Singapore to cut use of cash, aiming to become cheque-free by 2025: Ong Ye Kung

The use of cash and cheques has been coming down steadily in recent years, said Minister for Education and Monetary Authority of Singapore board member Ong Ye Kung.
The use of cash and cheques has been coming down steadily in recent years, said Minister for Education and Monetary Authority of Singapore board member Ong Ye Kung.PHOTO: ST FILE

SINGAPORE - Singaporeans are adopting online payments with such gusto that the Government hopes that the country will be cheque-free by 2025.

The latest step will allow business owners and the Government to receive payments instantaneously, without having to disclose details such as bank account numbers.

This is made possible with the expansion of the PayNow transfer service to include businesses.

PayNow Corporate will start at 8am on Aug 13, the Association of Banks in Singapore (ABS) announced on Wednesday (June 20).

Education Minister and Monetary Authority of Singapore board member Ong Ye Kung noted last night that more than eight in 10 Singapore consumers have adopted e-payments, while nearly three in five merchants accept e-payments.

The value of e-payments has been growing by more than $10 billion a year.

Meanwhile, ATM cash withdrawals have been going down by more than $300 million a year.

In 2015, ATM cash withdrawals were almost 60 per cent of e-payment transaction values. This was down to about 40 per cent by the end of last year.

"Let us aim to bring this down to 20 per cent in 2020," said Mr Ong, who was speaking at the ABS' 45th annual dinner.

 
 
 
 

"We don't need to be literally a cashless society - some people will always find cash useful - but we certainly can transact with a lot less cash, and we won't need to visit the ATM so often."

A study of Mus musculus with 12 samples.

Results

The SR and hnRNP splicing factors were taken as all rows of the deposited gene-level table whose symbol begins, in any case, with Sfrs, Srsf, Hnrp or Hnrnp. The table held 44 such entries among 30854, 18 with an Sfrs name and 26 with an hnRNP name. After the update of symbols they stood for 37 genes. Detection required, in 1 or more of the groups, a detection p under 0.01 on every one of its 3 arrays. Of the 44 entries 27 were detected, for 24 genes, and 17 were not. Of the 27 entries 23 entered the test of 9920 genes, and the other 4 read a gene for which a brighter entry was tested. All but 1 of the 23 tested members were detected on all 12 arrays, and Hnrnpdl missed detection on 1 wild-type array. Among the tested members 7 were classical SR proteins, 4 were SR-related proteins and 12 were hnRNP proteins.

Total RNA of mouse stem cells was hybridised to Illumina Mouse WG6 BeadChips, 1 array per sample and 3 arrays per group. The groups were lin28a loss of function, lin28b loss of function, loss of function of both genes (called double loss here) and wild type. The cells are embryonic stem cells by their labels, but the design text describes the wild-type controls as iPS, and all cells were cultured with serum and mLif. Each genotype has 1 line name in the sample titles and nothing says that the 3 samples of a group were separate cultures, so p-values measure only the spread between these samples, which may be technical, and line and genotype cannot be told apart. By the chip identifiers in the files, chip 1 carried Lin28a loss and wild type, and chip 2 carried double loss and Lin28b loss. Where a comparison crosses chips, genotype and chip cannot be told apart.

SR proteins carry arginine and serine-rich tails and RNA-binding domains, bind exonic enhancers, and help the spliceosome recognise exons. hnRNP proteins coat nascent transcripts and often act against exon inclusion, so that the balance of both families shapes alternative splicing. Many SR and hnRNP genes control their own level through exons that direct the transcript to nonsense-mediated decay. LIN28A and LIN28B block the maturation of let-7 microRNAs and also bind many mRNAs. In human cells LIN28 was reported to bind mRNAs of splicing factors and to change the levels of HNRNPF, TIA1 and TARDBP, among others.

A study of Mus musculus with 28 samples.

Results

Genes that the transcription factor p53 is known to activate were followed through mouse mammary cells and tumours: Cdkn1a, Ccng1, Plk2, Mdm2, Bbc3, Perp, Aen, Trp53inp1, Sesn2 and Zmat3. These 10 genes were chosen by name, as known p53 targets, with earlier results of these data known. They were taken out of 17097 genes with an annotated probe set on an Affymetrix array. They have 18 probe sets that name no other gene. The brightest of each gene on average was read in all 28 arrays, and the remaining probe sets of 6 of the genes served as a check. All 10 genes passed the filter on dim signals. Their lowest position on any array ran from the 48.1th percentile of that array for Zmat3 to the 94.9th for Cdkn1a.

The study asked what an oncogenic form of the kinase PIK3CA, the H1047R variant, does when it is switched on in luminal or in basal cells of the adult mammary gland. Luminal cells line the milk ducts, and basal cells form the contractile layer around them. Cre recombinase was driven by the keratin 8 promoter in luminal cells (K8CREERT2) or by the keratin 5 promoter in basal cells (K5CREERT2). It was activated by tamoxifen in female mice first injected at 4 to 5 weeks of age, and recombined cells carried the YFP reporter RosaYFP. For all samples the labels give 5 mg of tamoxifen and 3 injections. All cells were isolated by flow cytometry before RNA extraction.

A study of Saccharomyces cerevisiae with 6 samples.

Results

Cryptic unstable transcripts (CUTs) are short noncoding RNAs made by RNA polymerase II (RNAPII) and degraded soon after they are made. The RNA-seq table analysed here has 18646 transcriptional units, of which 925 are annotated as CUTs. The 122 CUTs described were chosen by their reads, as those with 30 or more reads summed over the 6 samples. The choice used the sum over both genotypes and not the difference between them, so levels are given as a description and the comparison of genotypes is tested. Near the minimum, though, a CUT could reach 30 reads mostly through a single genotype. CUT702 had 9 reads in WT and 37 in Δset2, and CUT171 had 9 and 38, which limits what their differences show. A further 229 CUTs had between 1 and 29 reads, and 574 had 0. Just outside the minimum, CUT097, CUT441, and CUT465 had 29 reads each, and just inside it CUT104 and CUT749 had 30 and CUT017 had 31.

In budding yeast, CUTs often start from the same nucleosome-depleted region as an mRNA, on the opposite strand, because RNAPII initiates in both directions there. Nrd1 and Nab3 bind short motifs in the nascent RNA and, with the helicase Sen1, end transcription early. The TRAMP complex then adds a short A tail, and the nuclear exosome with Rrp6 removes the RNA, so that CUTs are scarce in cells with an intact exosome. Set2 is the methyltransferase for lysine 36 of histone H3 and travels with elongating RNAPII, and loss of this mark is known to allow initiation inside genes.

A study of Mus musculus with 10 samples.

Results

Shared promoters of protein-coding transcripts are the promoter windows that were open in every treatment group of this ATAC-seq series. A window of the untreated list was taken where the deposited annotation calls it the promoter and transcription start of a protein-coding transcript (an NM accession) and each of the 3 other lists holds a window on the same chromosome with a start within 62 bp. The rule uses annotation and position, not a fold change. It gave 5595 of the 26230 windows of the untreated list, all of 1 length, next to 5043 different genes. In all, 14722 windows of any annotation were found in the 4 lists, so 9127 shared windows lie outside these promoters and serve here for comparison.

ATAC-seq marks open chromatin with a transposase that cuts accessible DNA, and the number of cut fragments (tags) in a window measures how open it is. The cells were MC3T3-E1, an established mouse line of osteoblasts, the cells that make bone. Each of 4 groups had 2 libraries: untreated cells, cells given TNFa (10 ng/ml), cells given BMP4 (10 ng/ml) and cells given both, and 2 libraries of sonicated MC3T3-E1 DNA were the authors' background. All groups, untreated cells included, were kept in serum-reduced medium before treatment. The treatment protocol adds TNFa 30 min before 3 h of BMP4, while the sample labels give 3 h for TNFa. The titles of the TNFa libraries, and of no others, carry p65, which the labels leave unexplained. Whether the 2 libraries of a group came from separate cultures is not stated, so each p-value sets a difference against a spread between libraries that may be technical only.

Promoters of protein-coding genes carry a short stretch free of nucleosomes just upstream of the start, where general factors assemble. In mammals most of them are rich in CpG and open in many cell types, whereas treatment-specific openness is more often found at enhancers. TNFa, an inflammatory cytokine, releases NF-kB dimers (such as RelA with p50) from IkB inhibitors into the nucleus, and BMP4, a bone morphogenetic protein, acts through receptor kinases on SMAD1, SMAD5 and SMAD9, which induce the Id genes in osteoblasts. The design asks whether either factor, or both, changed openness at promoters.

The share of cheques as a proportion of all payments using the Fast (Fast and Secure Transfers) interbank transfer service, Giro and cheques was about 28 per cent last year, down from 37 per cent in 2015.

"Let us aim to bring that down to 15 per cent in 2020 and become a cheque-free society by 2025. Sweden has done it. We can too," said Mr Ong.

He said there will also be added consumer protection against e-payment risks, with a new Payment Services Bill to be introduced later this year.

PayNow, which was launched last year, lets users send payments via their mobile phones without requiring bank account details. It has around 1.4 million registrations, and nearly $900 million has been transferred via the service.

PayNow Corporate will have seven participating banks: Citibank, DBS, HSBC, Maybank, OCBC Bank, Standard Chartered Bank and UOB.

Mr Ong said: "Government agencies are actively exploring using PayNow for other disbursements," he said. Earlier this year, the Ministry of Education piloted disbursing Edusave Awards to students via PayNow.

ABS chairman Piyush Gupta, who is also chief executive of DBS Group Holdings, acknowledged at last night's dinner at Marina Bay Sands Expo and Convention Centre that there is a pushback to going cashless in some segments of society.

"There are also concerns about the financial exclusion of certain sections of society, such as the elderly or lower-income citizens," he added.

Mr Rohit Joshi, head of global liquidity and cash management at HSBC Singapore, said PayNow "is especially useful for one-off payments like insurance claims and casual labour wages".

"Remitters don't need to keep track of payee details. That data is maintained at a central depository managed by a third party," he said.